Legal Cannabis in Yukon: What You Should Know

Published on October 15, 2018 · Last updated July 28, 2020
(Elysse Feigenblatt/Leafly)

Cannabis will be legal for adults throughout Canada starting on Oct. 17, 2018. You have questions, we have answers: Where to buy it, which stores are open, age limits, purchase limits, what’s actually on the shelves, where it’s legal to consume, and more.

Retail Sales in Yukon

Cannabis will be sold in one Whitehorse store run by the Yukon Liquor Corporation (YLC), a government agency.

The YLC has promised that it will offer online sales, but that site,, is not yet live or even in some sort of “Coming soon!” phase.

At a later date, probably 2019 at least, privately owned stores will be allowed to open for business.

Legal Age in Yukon: 19

Each province sets its own legal age, as with alcohol. In Yukon, the minimum age for purchase and possession is set at 19 years of age.

I’m New to Cannabis. Help!

We’ve got you covered. Leafly maintains the world’s most accurate database of cannabis information, and it’s here at your fingertips. Think of us as your cannabis library. To get started, check out our Cannabis 101 page, which contains articles and how-to guides prepared by cannabis experts writing in plain English, not confusing jargon.

What Can I Buy in Yukon?

One publicly-run store will be allowed to sell a range of dried cannabis (aka flower or buds), pre-rolls, cannabis oils, capsules, and seeds for home growing. The province has supply deals with six licensed producers of cannabis. Edibles are not yet allowed, but are expected to enter the market nationwide in October 2019.

Will Yukon Stores Be Open on Oct. 17?

Yes. One temporary cannabis retail store will be open on legalization day in the province at 120B Industrial Road in Whitehorse.

All About Yukon Online Sales

Online sales of cannabis products will eventually be available, but it likely won’t be ready to go on Oct. 17. Look for it early next year.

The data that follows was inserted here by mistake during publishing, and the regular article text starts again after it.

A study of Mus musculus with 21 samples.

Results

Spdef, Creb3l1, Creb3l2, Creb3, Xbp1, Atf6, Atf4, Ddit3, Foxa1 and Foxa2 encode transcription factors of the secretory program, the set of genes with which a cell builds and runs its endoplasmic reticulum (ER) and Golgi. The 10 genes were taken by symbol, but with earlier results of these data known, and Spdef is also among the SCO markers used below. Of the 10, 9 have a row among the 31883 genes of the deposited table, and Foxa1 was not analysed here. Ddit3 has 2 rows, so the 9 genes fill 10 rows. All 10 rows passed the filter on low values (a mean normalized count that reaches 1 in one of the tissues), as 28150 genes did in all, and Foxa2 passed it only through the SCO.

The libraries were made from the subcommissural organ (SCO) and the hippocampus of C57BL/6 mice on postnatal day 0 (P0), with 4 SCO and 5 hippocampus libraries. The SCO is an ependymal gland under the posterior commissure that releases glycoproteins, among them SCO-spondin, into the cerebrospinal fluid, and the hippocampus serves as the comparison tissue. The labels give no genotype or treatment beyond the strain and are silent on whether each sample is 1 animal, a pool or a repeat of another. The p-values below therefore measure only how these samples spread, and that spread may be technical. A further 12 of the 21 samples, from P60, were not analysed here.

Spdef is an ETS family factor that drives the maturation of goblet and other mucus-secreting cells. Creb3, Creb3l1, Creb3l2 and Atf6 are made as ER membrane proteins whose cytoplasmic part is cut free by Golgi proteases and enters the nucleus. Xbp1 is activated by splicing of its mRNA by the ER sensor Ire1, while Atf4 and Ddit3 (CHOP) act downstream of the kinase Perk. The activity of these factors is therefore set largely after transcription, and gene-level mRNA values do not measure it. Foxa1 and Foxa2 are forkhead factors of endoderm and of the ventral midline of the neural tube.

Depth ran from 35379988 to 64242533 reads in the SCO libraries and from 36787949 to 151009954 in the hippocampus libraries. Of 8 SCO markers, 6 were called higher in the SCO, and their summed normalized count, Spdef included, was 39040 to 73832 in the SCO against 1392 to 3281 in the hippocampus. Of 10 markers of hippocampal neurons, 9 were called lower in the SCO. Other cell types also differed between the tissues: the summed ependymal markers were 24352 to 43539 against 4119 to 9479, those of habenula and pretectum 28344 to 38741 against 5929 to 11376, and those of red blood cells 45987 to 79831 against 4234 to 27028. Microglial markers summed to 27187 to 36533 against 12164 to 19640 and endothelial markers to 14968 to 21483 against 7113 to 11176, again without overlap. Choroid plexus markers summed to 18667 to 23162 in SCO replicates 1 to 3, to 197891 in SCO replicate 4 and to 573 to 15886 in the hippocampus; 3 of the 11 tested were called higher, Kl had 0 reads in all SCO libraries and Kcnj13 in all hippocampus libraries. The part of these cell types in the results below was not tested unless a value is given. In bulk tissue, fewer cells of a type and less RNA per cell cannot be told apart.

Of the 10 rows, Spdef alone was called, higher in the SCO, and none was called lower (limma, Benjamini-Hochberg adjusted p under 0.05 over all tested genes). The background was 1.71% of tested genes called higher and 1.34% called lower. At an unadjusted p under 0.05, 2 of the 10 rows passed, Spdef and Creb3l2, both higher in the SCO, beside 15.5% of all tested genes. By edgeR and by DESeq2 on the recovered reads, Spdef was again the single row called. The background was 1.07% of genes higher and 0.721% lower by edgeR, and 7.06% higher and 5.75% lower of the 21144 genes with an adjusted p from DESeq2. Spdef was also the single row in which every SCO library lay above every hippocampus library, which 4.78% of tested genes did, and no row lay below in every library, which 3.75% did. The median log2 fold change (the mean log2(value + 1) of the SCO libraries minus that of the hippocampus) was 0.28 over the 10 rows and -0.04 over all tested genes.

Possession Limits in Yukon

Those 19 and up can possess up to one ounce (30 grams) of dried cannabis in public.

Transporting Rules

Cannabis in any form cannot be used in vehicles by passengers or drivers.Rule of thumb: Keep it sealed and out of sight in a closed container.


Each customer is limited to the federal possession limit, which is 30 grams of dried cannabis, 30 cannabis seeds, or an equivalent amount of cannabis oil.

Can My Kids Enter the Store with Me?

It’s not known whether the Yukon government will allow an underage person to accompany an adult in the temporary cannabis store.

Consumption Restrictions in Yukon

In Yukon, consumption of cannabis will obey be permitted in privately-owned residences and adjoining property where the owner consents.

Home-grow Is Allowed

The federal Cannabis Act allows adults to cultivate up to four plants per residence, and the province of Yukon is no different.

Crossing Provincial Borders

Can you transport cannabis from one province to another? Yes. But you must abide by the federal public possession limit, which is 30 grams of dried cannabis per person. Important: Do not attempt to transport cannabis across any international border. Cannabis is legal in Washington state, Vermont, Alaska, and Maine, but the border crossing is a federal zone. And cannabis remains federally illegal in the United States.

Can I Fly with Cannabis?

Yes, as long as you remain within Canada and abide by the possession limits of the departure province and the arrival province. But please be mindful. The fragrance of cannabis flower can be powerful, and not everybody enjoys it in the close confines of an airplane cabin.

The Cannabis Supply Chain in Yukon

Like most other provinces, the province of Yukon will act as middle man. The government will also be responsible for online sales.

The Yukon Provincial Laws

The Yukon government passed the Cannabis Control and Regulation Act, which sets out the parameters of lawful sale, purchase and consumption of cannabis in the province.

Unknown if Caps on Cannabis Stores in Yukon

There will only be one cannabis retail store in the Yukon to start, and it will be run by the government. When private stores are allowed, it is not yet known if they will impose a limit.

Harrison Jordan
Harrison Jordan is a graduate of Osgoode Hall Law School in Toronto and enjoys reading and writing about the regulatory affairs of cannabis in Canada and around the world.